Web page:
On May 8, 2024
State News

Vermont Senate passes Act 250 reform bill after whirlwind debate

It’s not the end of the road for the bill, which seeks to make major changes to the state’s half-century-old land use law

By Carly Berlin

Editor’s note: This story, by Report for America corps member Carly Berlin, was produced through a partnership between VTDigger and Vermont Public.

After a flurry of last-minute deliberations, the Vermont Senate passed a mammoth bill on Friday afternoon, May 3, that makes sweeping reforms to the state’s land use and housing policies.

The bill, H.687, relaxes the reach of Act 250 — Vermont’s half-century-old land use review law— in existing development centers, a move proponents hope will clear red tape and encourage more housing growth amid an acute housing shortage. It also lays the groundwork for extending Act 250’s protections over to-be-determined ecologically sensitive areas. 

The bill’s passage marks a major juncture for legislators, who for years have attempted — and failed — to thread the needle on modernizing Act 250. Proponents of H.687 argue it strikes the right balance between protecting Vermont’s natural resources in an era of climate change while also lowering barriers to more housing development. 

“I hope that we can all look ahead and celebrate both the places that we’ve allowed to further thrive, the people that we’ve allowed to live here,” said Sen. Kesha Ram Hinsdale, D/P-Chittenden Southeast, before voting in favor of the bill late Friday. “And also the places that we love and care about, that we get to still gaze upon and celebrate. And that’s truly what makes us Vermont.”

Yet the bill has more hurdles to clear. The Senate made fundamental changes to the version passed by the House in March; as lawmakers race toward a planned adjournment date of May 10, time is running out for the two chambers to reconcile their differences.

And as lawmakers consider their next moves, they also face the possibility of a veto from Gov. Phil Scott. The Republican governor has criticized earlier versions of H.687, arguing that it does not go far enough to promote housing development, particularly in rural areas. The Senate passed H.687 with 18 votes in favor and 10 against, making the likelihood of a veto override — which requires a two-thirds majority — questionable.

Who should hear Act 250 appeals? 

One of the Senate’s major changes to the bill involves who will hear appeals of Act 250 permits. The Senate’s version keeps appeals in the judicial system, while teeing up a study to consider moving appeals out of the courts and to a new quasi-judicial board.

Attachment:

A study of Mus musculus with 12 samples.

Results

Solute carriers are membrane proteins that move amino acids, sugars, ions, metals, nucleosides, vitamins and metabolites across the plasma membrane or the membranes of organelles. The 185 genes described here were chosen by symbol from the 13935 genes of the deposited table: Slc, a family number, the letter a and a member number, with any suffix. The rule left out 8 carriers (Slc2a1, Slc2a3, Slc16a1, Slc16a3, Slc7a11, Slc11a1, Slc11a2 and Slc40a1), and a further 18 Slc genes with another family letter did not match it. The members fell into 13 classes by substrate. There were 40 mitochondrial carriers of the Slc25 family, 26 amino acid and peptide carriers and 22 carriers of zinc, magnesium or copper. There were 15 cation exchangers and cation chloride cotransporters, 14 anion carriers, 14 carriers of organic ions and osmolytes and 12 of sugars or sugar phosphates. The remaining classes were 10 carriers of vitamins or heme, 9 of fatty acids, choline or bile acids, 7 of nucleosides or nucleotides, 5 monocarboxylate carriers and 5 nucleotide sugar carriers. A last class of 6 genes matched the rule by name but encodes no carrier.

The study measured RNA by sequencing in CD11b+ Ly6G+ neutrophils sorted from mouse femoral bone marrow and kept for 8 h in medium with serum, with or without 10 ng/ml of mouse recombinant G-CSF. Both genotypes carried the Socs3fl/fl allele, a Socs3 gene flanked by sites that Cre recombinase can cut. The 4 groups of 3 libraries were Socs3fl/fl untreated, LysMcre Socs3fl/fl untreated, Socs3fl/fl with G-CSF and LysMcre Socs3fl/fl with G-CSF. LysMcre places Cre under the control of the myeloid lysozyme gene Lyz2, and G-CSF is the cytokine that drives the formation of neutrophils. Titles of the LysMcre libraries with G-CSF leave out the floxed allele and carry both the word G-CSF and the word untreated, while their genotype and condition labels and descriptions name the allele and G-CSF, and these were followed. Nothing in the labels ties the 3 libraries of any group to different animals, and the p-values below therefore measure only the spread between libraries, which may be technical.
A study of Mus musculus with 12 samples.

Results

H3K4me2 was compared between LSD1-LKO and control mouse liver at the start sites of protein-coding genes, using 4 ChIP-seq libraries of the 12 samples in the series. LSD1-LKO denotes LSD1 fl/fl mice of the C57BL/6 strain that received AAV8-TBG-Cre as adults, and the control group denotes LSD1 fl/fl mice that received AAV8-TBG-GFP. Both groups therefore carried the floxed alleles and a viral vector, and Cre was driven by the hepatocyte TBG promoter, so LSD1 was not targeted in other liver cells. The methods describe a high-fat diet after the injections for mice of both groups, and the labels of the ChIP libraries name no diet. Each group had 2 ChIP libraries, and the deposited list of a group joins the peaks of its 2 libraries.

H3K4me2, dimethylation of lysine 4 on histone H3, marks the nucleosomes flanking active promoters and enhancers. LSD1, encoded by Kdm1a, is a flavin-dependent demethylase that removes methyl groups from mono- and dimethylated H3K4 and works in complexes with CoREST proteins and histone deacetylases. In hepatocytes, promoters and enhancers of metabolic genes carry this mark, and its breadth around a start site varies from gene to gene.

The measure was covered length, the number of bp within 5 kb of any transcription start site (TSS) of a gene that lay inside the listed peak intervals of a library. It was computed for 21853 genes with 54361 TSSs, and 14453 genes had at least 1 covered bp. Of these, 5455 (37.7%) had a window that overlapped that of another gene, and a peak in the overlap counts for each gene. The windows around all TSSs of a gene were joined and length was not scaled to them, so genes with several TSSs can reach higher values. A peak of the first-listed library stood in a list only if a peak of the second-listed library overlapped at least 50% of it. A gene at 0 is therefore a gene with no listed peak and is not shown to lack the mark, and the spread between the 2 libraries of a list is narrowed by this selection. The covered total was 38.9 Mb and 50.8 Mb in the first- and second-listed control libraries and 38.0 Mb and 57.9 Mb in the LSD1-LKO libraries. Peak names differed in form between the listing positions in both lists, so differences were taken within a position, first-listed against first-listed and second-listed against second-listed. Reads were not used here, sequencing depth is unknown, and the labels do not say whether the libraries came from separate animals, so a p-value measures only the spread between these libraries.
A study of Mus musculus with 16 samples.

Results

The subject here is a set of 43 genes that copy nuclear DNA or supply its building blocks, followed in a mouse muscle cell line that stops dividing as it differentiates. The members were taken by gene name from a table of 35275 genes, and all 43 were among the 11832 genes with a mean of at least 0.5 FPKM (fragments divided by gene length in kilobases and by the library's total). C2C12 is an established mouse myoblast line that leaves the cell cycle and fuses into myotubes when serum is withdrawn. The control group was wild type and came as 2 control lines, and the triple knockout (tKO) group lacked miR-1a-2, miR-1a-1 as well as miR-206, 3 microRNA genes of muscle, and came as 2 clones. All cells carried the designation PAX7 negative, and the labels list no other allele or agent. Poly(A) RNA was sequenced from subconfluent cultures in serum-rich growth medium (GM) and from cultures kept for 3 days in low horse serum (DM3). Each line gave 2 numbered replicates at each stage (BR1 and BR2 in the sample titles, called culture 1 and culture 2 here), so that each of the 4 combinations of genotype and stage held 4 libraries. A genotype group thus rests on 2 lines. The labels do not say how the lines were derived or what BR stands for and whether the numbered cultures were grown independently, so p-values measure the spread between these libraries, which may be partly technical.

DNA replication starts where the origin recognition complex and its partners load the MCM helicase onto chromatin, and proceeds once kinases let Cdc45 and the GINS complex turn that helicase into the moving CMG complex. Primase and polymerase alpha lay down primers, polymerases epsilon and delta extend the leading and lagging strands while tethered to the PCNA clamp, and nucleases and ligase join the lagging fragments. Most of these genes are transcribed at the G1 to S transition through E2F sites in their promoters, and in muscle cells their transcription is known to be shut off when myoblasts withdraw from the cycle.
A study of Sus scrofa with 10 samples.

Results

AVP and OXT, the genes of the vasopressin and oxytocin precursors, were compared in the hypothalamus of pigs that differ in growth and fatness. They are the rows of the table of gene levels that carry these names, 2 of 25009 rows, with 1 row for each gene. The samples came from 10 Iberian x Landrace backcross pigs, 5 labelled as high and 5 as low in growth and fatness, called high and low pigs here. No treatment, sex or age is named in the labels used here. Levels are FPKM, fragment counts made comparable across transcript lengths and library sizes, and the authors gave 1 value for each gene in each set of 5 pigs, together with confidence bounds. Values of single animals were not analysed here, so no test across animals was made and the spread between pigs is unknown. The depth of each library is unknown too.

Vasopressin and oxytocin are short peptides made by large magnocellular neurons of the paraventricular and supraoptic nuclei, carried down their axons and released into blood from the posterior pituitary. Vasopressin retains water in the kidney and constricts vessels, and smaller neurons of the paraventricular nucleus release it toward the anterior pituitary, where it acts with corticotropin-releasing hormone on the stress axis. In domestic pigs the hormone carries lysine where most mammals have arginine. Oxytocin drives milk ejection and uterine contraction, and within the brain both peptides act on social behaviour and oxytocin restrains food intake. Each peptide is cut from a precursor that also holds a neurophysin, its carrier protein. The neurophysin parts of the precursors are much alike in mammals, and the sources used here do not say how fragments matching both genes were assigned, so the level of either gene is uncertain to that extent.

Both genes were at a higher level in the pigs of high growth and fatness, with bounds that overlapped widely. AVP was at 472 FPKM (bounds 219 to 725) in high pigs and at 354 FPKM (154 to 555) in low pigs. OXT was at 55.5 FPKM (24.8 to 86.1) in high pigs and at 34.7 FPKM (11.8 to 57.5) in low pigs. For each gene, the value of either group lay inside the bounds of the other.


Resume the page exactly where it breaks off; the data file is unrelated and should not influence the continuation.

“There’s no reason to make a decision now,” Sen. Christopher Bray, D-Addison, told colleagues during an all-Senate caucus yesterday. He noted that moving appeals to the new board had arisen as a contentious issue, and proposed the study instead.

The House’s version of H.687 would have shifted appeals to such a board, modeled after the Public Utility Commission. Proponents argue that shifting appeals out of the courts would speed up the process, and allow the new board to make precedent-setting decisions on policies. 

The Senate’s approval of a study appears as something of a concession to the Scott administration, which has voiced its strong opposition to shifting appeals to the new board. Officials have argued that the move would in fact increase the time it takes a developer to get a permit and potentially increase development costs.

Housing policies in the mix

H.687 sets in motion a years-long process to chop Vermont into a series of “tiers” that will dictate how development is treated under Act 250, loosening the law’s reach in some municipalities and strengthening its protections over “critical natural resources areas.” 

Yet the actual boundaries of those tiers are largely left up to future mapping and rulemaking efforts. In the meantime, the bill sets up a number of interim exemptions from Act 250, including one for all housing projects within the state’s 24 designated downtown areas through July 2028, and up to 50 units in dozens of village centers around the state.

The sprawling bill — which multiple senators lamented they had not had enough time to fully read and comprehend — includes a laundry list of other housing policies and money for programs outside of the Act 250 realm.

It creates a new property transfer tax on second homes, expected to bring in about $10 million this coming year. It places a property tax valuation freeze on some newly constructed and rehabbed homes in areas impacted by last year’s catastrophic flooding. The bill also includes flood disclosure requirements for home purchases, rental agreements, and mobile home lot leases.

A last-minute amendment Friday would have placed a temporary moratorium on no-cause evictions in municipalities that have already voted to approve the protections for tenants, but have faced roadblocks at the state house. The amendment failed, though, as senators considered it not to be pertinent to the bill. 

H.687 will now be sent back to the House, and leadership can decide to either concur with the Senate’s changes or request a conference committee to allow members of the two chambers to hash out their differences.